It is common in the US for certain types of workers to be paid in tips, as well as wages. These workers are usually those in the service industry who work directly with customers, such as waiters, bartenders, and delivery drivers. Some companies operate with tip pools, so that all the tips get collected and then distributed among the service staff. Sometimes these tip pools include employees who don’t normally receive tips, such as dishwashers and bouncers.

The Fair Labor Standards Act (FLSA) is the federal law that provides regulations for things like minimum wage, overtime, and how tipped employees get paid. The federal minimum wage is currently set at $7.25 per hour, but there is a lower minimum wage of $2.13 per hour for employees who receive tips. If the worker’s tips and wages combined do not add up to at least the federal minimum wage, the employer must pay the worker the difference.

For some employers who hire tipped workers, the FLSA allows the employers to take a tip credit for the difference between the federal minimum wage and the lower tipped employee minimum wage, but not all states allow their employers to take a tip credit.

The FLSA allows tip pools among employees who normally receive tips, such as wait staff, bellhops, and busboys, but it does not specify whether tip pools can be extended to include other types of workers if the employer does not receive a tip credit. The U.S. Department of Labor (DOL) ruled that tip pools that include back-of-the-house workers are invalid, regardless of whether the employer receives a tip credit.

Oregon is one of the states that does not allow its employers to take a tip credit. Because of this, several restaurant and lodging associations that conduct business in Oregon sued to get the DOL’s ruling on extended tip pools invalidated. They argued that, because the FLSA does not specify whether only employers who take a tip credit can expand their tip pools, the DOL misinterpreted the law when it said even employers who don’t take a tip credit cannot expand their tipping pools.

The lawsuit was filed in Oregon District Court, and the court agreed that the DOL had misinterpreted the law. The ruling was appealed and the Ninth Circuit Court reversed the lower court’s ruling, saying the DOL’s interpretation of the law had been reasonable. The case has therefore been remanded back to the Oregon District Court.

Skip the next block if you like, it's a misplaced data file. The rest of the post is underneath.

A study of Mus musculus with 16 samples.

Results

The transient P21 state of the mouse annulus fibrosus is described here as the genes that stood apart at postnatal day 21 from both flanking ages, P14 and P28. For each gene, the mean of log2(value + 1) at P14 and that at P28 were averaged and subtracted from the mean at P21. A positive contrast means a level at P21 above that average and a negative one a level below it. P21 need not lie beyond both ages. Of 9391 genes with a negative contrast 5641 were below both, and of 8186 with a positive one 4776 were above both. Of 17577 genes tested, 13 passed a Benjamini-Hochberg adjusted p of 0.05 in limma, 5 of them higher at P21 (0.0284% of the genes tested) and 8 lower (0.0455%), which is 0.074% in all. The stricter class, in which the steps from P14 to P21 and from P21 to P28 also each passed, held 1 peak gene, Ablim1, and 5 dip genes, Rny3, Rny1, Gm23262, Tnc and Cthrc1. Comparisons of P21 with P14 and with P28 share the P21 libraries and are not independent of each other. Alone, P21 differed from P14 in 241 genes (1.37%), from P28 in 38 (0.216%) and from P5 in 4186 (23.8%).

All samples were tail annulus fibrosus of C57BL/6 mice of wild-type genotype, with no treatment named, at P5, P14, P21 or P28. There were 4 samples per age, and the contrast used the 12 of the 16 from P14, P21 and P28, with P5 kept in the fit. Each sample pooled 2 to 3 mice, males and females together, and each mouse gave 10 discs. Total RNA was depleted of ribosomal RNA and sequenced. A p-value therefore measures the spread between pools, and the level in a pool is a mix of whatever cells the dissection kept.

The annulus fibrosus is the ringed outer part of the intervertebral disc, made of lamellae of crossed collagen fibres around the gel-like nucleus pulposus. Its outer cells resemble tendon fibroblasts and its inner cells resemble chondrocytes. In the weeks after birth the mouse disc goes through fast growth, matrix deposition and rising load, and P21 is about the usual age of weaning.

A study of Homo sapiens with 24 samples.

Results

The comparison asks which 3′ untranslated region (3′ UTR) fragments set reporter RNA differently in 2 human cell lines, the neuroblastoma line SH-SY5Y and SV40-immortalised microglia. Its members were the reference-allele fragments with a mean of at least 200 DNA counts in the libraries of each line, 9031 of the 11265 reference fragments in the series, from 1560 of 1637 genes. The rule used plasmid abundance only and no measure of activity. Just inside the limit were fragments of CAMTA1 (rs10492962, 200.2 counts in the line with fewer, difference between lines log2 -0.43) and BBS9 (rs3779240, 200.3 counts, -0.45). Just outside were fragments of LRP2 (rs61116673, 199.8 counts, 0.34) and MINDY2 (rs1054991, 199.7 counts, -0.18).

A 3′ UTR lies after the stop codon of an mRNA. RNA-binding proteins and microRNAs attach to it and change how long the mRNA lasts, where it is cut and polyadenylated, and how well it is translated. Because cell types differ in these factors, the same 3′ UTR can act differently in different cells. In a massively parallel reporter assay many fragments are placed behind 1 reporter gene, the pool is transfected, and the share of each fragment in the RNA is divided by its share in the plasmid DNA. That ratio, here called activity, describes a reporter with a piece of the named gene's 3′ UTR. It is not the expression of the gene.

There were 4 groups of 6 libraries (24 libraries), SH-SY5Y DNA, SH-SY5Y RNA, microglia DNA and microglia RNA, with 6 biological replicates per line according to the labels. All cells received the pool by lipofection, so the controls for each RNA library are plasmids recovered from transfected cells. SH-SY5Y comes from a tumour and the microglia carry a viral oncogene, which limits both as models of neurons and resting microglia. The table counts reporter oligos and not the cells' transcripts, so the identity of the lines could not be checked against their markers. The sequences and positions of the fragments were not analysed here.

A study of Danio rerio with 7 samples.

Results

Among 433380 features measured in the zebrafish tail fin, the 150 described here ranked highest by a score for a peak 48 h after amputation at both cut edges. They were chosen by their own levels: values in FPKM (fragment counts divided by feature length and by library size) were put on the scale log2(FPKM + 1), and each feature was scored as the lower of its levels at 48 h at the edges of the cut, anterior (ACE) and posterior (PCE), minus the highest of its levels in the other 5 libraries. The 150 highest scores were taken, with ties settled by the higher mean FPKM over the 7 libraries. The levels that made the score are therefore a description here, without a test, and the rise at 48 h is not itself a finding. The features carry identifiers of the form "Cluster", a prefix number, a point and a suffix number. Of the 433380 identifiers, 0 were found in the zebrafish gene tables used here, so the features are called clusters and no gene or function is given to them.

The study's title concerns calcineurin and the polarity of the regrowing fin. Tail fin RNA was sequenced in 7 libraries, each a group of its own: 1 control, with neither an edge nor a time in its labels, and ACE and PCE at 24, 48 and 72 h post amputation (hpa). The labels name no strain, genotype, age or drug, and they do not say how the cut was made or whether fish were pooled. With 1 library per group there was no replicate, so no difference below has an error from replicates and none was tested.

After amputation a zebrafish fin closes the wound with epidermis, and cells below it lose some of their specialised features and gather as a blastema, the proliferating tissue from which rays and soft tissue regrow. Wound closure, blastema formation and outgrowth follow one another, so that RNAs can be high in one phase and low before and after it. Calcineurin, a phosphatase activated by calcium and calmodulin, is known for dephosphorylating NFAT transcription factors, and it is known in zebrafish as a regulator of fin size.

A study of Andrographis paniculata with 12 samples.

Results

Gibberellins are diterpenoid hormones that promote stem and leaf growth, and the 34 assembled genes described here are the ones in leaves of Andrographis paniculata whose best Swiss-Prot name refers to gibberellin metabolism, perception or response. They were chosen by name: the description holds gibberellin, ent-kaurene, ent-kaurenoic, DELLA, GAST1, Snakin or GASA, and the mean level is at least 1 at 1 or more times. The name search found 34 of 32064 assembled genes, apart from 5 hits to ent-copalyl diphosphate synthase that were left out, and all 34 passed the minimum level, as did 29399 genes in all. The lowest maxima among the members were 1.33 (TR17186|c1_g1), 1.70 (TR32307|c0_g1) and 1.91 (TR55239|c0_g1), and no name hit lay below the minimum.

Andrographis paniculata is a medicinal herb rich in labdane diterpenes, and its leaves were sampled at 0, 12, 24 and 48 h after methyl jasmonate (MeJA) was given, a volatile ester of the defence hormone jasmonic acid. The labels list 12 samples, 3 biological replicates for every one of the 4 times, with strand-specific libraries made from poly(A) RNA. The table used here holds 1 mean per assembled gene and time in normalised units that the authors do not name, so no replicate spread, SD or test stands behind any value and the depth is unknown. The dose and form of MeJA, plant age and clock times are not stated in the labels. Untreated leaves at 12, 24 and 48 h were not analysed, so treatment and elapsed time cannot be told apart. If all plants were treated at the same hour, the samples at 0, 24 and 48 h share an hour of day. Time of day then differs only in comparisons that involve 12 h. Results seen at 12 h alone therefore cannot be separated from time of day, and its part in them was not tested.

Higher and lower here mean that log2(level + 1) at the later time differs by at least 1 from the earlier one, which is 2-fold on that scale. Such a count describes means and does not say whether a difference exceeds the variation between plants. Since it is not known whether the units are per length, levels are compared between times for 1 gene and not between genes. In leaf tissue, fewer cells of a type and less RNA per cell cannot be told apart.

The Circuit Court’s ruling affects all employers conducting business within the Ninth Circuit Court’s jurisdiction, which includes Alaska, Hawaii, Idaho, Washington, California, Arizona, Montana, and Nevada. All employers who hire tipped workers in the United States, but especially in those states, need to be aware of the Ninth Circuit Court’s recent ruling regarding tip pools. Even if the employers don’t receive a tip credit, tip pools are only valid for servers who interact directly with customers and normally receive tips. Employers with extended tip pools might want to start thinking about changing their practices in order to avoid the potential for a wage and hour lawsuit from their tipped workers.

The Chicago class action lawyers at the Chicago Overtime Law Center are investigating unpaid overtime claims by waiters and bus boys and other restaurant and hotel workers against national restaurant chains including Hilton, W, Marriott, Sheraton, Disney, Holiday Inn, Best Western, HomeTown Buffet, Old Country Buffet, Applebees, Chipotle, Red Lobster, Olive Garden, Cracker Barrel, Outback Steak House, Taco Bell, Burger King, Texas Roadhouse, Logan’s, Wendy’s and hotels for mis-classifying employees as managers or assistant managers, forcing employees to work off the clock at business, failing to share all tips, erasing or altering time sheets or time records, pressuring workers not to report or record overtime, and otherwise failing to pay workers for overtime and other wages. If you are the victim these wage theft practices call us at (312) 869-4095 or contact us online.

The Chicago class action attorneys at the Chicago Overtime Law Center have three decades of experience fighting to help employees who are victims of wage, overtime and tip theft by their employers. We have a team of Chicago unpaid overtime lawyers who concentrate on prosecuting state and nationwide class action lawsuits. Our attorneys work out of Chicago and Oak Brook offices and pursue claims for workers all over the Chicago area including Deerfield and Northbrook. We protect unpaid workers who haven’t received overtime throughout the Chicago area including in DuPage, Kendall, Lake, McHenry, Kane and Cook Counties.

Our Palatine and Schaumburg overtime lawyers are intimately familiar with the issues that arise during wage claim litigation, and we know the laws that govern overtime cases well. Many employers mis-classify employees as being exempt from overtime laws and pay workers salaries instead of hourly wages in order to avoid paying them overtime. Some employers mistakenly classify employees as exempt and others intentionally do so in order to circumvent the law. In either case, workers do not receive the wages they should, and a lawsuit may be the only way to recover their earned wages.

The Chicago Overtime Law Center is based in Chicago, and represents clients throughout the country who have unpaid overtime and other employment right claims.